1. Did we call his/her baby ugly? In other words, how invested were they in the old process? Did they help design the old process?
  2. How much of the “WHY” did we share with this employee about why the process needed to change? Was there a burning platform? Has this been shared? (Does the new process serve the customer better? Save time? Save money? Fulfill a legal requirement? etc.)
  3. What does this employee have to lose as a result of implementing the new process? Why do they want the old process back? What did the old process do for them? How much was this employee involved in designing the new process?

Another thing we have to reflect upon is: what could have been done differently to minimize change management issues like this? Unfortunately, the reality is that often process changes are done to people rather than with people. We have seen this time and time again. Folks in charge of process change do it in a way that creates resistance. Then, they wonder why folks are not onboard and don’t spend time reflecting on how they contributed to creating resistance. Those in charge of process change need to reflect on what could have been done differently to make it easier for people to support and accept process changes. The best way to do this is to involve them at the beginning and not just at the time of implementation when the new solution is already decided upon and set in stone. Otherwise, change and acceptance becomes very difficult later.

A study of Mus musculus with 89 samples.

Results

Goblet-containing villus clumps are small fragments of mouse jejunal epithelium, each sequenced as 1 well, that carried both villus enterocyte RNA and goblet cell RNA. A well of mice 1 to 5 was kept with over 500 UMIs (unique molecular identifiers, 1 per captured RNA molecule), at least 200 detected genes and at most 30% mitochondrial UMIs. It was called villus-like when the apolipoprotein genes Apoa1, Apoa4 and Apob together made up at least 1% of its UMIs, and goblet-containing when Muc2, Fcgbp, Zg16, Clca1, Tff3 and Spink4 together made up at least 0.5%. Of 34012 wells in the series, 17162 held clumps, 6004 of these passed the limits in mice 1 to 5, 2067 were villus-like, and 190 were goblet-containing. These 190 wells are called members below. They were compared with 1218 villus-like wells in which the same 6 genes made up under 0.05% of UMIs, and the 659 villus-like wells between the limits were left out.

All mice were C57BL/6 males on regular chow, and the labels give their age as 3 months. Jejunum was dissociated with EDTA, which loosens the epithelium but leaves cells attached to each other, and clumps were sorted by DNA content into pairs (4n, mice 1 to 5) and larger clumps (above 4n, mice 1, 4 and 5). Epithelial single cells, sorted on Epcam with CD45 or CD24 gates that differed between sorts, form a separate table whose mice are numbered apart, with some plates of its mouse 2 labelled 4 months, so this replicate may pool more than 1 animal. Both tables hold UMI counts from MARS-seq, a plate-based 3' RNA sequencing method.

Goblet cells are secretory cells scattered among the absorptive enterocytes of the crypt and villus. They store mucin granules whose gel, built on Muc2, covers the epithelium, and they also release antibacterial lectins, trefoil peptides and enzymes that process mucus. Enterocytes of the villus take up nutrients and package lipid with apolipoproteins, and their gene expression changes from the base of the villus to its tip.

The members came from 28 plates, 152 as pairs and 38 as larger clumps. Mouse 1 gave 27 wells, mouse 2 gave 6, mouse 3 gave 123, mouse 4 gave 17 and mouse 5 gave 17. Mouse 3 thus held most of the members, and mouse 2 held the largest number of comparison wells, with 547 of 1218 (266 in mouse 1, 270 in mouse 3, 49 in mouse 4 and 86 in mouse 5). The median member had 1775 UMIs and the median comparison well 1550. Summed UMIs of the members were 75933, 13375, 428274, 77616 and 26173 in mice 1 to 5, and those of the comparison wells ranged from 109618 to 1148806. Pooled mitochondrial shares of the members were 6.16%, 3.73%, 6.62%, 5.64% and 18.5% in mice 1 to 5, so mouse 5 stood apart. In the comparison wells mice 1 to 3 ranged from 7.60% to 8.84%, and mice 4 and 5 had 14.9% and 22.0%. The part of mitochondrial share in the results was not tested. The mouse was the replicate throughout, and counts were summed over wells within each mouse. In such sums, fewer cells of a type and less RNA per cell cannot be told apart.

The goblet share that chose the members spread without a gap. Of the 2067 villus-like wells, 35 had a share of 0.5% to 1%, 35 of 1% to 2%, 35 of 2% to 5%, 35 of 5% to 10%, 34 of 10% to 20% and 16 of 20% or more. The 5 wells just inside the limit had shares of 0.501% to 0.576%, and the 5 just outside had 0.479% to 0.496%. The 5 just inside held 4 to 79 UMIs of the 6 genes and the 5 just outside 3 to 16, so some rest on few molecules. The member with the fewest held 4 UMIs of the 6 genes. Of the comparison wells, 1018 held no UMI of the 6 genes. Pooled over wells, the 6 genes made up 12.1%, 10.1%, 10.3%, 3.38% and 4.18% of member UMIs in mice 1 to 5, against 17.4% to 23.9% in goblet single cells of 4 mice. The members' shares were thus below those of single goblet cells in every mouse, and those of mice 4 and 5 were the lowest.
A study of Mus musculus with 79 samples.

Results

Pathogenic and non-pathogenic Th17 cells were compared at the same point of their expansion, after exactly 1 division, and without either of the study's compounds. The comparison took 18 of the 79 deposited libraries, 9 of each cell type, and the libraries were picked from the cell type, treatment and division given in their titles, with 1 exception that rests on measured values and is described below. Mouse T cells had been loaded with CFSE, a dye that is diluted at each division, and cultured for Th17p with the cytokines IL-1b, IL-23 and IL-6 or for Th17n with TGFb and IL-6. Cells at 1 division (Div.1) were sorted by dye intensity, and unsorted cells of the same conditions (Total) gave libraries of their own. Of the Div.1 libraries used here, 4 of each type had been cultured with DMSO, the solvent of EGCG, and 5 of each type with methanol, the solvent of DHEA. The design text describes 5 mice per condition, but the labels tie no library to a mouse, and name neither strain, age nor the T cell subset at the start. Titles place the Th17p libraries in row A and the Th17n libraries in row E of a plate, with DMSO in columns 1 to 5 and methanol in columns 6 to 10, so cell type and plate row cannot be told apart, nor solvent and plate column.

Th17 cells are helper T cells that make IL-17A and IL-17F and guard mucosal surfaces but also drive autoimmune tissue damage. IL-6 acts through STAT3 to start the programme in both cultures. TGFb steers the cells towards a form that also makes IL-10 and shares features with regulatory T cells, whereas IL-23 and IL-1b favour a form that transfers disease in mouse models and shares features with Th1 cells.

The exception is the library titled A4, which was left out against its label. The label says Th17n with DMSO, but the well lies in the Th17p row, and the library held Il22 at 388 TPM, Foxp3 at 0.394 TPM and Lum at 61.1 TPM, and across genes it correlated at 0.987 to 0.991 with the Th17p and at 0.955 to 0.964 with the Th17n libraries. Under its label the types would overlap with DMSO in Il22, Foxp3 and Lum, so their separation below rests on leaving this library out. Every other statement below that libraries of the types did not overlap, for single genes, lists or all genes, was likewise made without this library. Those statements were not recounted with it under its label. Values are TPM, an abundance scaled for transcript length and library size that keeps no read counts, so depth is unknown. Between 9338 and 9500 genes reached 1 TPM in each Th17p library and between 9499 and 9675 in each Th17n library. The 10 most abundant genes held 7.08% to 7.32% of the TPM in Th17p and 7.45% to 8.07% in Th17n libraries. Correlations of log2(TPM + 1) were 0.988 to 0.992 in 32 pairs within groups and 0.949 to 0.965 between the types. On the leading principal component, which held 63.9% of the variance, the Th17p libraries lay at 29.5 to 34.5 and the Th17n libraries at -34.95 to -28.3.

For this employee, find out the root cause, then develop a strategy to mitigate it.

Tracy O'Rourke

Tracy is a Managing Partner & Executive Advisor at GoLeanSixSigma.com. She is also a Lean Six Sigma Green Belt Instructor at University of California San Diego and teaches in San Diego State University’s Lean Enterprise Program. For almost 20 years, she has helped leading organizations like Washington State, Charles Schwab and GE build problem-solving muscles.